31 girls and 55 boys reported missing between January 1 and April 30 in Mysore city
Missing persons investigation squads constituted in police stations
Children who go missing are normally in the
14 to 16 age group
MYSORE: Fear of examination, high expectations from parents , workload in class and tuitions are among the major reasons that lead to children running away from their homes in Mysore city.
What is disturbing is that the number of children aged below 18 who are reported missing is increasing every year.
With the rise in missing person cases, the city police recently constituted “missing persons investigation squads” in each police station limits.
Each squad consists of an assistant sub-inspector, a head constable, a woman head constable and a police constable.
The children who go missing are normally in the 14 to 16 age group.
The figures given by the City Crime Records Bureau (CCRB) of the city police, which was earlier investigating the missing person cases, reveal that 31 girls and 55 boys were reported missing in a span of four months — between January 1 and April 30, 2010. The police have managed to trace 17 girls and 23 boys so far.
“The missing person cases are usually high between January and May, and the reason, based on the statements collected from the children traced, is largely because of fear of examination, high expectations and failure in exams. However, there are some elopement cases also, ” said Deputy Commissioner of Police (Crime and Traffic) Rajendra Prasad.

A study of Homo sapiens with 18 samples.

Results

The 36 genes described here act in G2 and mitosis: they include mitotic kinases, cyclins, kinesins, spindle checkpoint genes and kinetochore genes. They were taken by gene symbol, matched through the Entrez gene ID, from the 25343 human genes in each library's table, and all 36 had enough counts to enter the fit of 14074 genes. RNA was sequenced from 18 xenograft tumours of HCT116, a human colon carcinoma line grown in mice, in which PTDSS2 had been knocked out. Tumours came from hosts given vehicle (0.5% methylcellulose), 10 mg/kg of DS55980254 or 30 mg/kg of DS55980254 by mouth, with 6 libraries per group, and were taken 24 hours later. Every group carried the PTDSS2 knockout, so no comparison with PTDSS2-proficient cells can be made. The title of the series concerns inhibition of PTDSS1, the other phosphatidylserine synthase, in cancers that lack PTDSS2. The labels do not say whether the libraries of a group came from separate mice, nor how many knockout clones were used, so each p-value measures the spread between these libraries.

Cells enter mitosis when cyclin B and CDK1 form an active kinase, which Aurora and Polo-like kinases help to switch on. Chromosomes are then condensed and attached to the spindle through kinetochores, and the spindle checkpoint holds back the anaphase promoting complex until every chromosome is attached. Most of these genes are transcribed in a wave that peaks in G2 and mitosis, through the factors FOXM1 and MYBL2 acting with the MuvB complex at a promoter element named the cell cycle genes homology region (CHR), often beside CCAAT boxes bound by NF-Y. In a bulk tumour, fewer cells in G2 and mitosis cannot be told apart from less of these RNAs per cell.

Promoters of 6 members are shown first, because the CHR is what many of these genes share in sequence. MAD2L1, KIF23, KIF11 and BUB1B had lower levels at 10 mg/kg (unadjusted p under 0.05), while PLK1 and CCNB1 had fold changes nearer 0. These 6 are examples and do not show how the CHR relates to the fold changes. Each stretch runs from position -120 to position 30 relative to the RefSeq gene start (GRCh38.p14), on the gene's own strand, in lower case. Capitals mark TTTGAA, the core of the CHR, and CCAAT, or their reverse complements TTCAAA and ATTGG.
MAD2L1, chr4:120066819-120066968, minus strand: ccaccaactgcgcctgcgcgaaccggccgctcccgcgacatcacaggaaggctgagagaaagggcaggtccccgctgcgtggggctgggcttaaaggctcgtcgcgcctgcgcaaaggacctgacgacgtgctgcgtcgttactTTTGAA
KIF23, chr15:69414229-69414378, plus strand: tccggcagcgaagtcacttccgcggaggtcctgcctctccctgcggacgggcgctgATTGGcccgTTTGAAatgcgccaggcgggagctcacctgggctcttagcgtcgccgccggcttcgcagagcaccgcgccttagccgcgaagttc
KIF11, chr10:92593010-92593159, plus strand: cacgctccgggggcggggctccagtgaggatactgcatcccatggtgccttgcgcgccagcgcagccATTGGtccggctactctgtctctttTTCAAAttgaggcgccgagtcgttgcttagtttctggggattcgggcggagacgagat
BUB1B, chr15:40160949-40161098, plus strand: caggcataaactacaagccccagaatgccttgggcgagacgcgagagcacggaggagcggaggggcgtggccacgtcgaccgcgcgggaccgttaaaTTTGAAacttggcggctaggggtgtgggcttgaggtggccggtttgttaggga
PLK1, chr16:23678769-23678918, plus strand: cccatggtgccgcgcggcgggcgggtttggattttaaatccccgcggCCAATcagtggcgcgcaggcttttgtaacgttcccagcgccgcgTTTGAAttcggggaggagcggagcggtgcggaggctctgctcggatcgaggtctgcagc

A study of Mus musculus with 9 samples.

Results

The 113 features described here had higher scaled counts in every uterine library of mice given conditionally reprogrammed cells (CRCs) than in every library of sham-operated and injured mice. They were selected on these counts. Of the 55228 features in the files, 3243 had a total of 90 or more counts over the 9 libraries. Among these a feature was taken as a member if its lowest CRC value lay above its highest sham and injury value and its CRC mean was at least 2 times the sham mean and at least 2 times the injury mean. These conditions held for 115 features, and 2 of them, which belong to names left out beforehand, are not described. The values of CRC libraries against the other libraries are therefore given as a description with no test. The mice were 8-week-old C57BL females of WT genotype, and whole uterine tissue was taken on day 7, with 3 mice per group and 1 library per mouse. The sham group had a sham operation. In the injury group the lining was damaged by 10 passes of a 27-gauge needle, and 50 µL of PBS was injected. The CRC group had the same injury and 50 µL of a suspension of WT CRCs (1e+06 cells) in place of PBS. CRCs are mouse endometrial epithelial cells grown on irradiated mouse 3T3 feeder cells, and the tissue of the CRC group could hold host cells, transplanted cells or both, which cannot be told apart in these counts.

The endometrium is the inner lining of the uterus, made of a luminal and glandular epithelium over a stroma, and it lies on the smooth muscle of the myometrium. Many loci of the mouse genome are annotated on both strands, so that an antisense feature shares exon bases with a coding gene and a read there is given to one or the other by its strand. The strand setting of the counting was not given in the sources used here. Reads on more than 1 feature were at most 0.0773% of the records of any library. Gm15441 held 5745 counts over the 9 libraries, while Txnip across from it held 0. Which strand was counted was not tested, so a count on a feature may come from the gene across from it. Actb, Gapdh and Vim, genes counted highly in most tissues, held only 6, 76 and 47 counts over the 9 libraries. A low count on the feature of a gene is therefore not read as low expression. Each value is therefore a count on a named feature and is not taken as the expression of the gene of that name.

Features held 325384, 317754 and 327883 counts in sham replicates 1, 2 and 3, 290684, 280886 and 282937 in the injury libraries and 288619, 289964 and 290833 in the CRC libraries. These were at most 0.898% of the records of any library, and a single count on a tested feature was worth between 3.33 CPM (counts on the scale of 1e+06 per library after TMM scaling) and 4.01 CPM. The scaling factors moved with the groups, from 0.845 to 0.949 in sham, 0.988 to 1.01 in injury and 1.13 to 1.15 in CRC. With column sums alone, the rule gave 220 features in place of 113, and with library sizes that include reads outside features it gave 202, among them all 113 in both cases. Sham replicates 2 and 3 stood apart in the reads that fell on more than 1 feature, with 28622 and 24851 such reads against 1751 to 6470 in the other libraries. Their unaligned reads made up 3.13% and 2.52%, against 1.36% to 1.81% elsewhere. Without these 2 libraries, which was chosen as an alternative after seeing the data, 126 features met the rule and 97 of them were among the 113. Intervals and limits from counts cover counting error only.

Speaking to The Hindu, he expressed concern that cases of missing children were on the rise.
In some cases, the children return home after some time. On most occasions, these cases are not brought to the notice of police and the parents try to locate their children on their own.
“If the missing person is a minor, we consider it as a kidnapping case and investigate it on priority. Sometimes, parents, in elopement cases, do not inform us after the children are traced to avoid public attention,” Mr. Prasad said.
Investigations into missing person complaints are conducted according to the recommendations of the Supreme Court and the National Human Rights Commission (NHRC) and police procedures. “Sincere efforts are made to trace the missing children as per standing operating procedure (SOP). Booklets containing the procedures to be followed in the investigation of missing cases have been distributed to all police stations. The recommendations of the apex court and the NHRC are included in them,” Mr. Prasad said.
Investigation in the cases is stepped up every week based on the progress made. Information is published in newspapers with the photograph of the missing person.
The parents' consent is taken before the publication of the child's photograph if he or she is a minor. However, it is not just children who are reported missing from Mysore.
CCRB records show that in the same period between January and April, 47 men went missing of which 22 were traced. Likewise, of the 67 women who went missing, 25 were traced.
Many missing persons were either found murdered or dead under mysterious circumstances, or had lost their lives in road accidents.
Also, many missing persons migrated to Mumbai.